Of 435 people in Congress, 308 of them co-sponsored a bill by Rep. Ron Paul (R-TX) to not only audit the Federal bank but: “To amend title 31, United States Code, to reform the manner in which the Board of Governors of the Federal Reserve System is audited by the Comptroller General of the United States and the manner in which such audits are reported, and for other purposes.”
H.R. 1207 and its related bill in the Senate S. 604 would have had far reaching exposure as to how the Fed does business, and to expose the way business has been done in the past.
The popularity of this bill, bridged both sides of the aisle, as Democrats and republicans alike signed on to demand transparency in yet another governmental agency, but alas, this bill was “gutted” in a congressional committee, specifically by a Democrat whose campaign contributions by the banking industry, were the largest in his committee.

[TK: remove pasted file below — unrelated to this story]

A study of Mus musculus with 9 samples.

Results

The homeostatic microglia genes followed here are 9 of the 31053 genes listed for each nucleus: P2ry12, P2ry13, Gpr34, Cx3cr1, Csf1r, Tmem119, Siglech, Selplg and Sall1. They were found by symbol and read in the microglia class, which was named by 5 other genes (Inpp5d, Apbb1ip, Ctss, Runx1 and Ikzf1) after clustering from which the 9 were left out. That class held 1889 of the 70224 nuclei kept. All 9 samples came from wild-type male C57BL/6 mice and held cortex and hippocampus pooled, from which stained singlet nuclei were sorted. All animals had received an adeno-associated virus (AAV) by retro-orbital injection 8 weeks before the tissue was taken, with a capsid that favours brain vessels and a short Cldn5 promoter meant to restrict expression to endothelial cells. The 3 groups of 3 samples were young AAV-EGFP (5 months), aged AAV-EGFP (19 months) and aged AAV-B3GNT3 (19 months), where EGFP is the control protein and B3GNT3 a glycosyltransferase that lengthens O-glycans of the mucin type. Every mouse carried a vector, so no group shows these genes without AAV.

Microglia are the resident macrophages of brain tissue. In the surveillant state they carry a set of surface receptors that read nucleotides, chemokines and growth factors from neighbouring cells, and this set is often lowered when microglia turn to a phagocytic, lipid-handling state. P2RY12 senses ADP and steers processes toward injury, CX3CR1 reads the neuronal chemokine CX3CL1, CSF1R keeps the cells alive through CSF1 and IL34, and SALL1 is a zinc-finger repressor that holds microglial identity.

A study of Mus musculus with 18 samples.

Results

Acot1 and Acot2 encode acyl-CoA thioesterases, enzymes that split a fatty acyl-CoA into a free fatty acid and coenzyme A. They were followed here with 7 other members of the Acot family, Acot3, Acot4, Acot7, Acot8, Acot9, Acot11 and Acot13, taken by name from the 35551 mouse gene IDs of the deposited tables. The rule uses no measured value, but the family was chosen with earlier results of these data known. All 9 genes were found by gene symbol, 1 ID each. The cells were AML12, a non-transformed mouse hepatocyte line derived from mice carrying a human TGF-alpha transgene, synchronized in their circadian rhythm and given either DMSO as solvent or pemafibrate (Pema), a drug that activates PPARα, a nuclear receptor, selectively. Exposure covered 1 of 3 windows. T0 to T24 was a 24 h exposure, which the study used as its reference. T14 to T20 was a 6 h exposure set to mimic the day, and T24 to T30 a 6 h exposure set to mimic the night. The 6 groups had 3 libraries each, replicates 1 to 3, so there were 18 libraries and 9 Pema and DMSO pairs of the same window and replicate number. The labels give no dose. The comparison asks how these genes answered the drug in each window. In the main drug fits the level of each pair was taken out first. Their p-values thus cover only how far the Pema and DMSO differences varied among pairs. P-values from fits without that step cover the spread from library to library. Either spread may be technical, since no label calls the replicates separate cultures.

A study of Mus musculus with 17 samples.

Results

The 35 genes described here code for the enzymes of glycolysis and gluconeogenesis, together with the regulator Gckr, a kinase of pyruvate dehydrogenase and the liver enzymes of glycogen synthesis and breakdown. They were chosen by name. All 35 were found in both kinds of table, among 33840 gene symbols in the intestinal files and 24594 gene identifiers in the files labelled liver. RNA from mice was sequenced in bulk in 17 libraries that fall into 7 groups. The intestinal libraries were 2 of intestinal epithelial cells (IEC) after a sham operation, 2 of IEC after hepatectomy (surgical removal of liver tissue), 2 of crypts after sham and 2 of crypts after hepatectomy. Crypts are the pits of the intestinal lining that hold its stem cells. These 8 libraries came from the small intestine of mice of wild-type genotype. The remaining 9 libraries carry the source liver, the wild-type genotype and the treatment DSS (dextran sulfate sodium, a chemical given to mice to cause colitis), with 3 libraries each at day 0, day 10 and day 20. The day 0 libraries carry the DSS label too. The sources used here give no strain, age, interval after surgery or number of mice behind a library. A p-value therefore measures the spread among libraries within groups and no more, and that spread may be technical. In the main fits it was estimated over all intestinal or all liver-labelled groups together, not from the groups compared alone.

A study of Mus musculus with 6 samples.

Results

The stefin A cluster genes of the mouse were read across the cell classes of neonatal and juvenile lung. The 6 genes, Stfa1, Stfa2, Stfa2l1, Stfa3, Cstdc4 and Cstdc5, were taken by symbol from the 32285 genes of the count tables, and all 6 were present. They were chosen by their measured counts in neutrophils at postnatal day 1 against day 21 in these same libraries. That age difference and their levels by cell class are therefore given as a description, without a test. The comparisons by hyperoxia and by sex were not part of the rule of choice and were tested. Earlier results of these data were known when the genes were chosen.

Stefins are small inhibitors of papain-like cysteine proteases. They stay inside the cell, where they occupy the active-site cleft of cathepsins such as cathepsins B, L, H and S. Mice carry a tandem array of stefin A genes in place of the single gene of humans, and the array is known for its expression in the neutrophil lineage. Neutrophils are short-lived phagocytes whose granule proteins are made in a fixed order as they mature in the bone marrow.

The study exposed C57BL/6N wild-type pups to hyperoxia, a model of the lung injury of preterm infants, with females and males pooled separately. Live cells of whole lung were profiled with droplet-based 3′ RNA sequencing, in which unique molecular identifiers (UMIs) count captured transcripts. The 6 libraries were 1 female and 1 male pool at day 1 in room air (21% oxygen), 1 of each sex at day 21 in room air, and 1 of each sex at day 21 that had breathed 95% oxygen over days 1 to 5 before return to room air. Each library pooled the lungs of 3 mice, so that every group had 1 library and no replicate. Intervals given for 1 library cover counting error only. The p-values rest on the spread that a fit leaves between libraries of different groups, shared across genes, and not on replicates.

In a telephone interview with Bloomberg, Rep. Paul reported that the teeth had been ripped out of the bill.
"There's nothing left; it's been gutted," Paul said. "This is not a partisan issue. People all over the country want to know what the Fed is up to, and this legislation was supposed to help them do that."
Rep. Paul pointed his finger at the chairman of the House Financial Service Committee's panel on domestic monetary policy, Rep. Mel Watt (D-N.C.) for eliminating "just about everything" in preparation for the bill's consideration on the floor of the House.
Watt’s campaign contributions in the 2008 cycle amounted to $609,072, but the largest portion was from the banking and financial institutions, a whopping 35.6 % or $217,109!
Contributors to Watt’s campaign were Bank of America, Wachovia Corp., American Express and the American Bankers Association.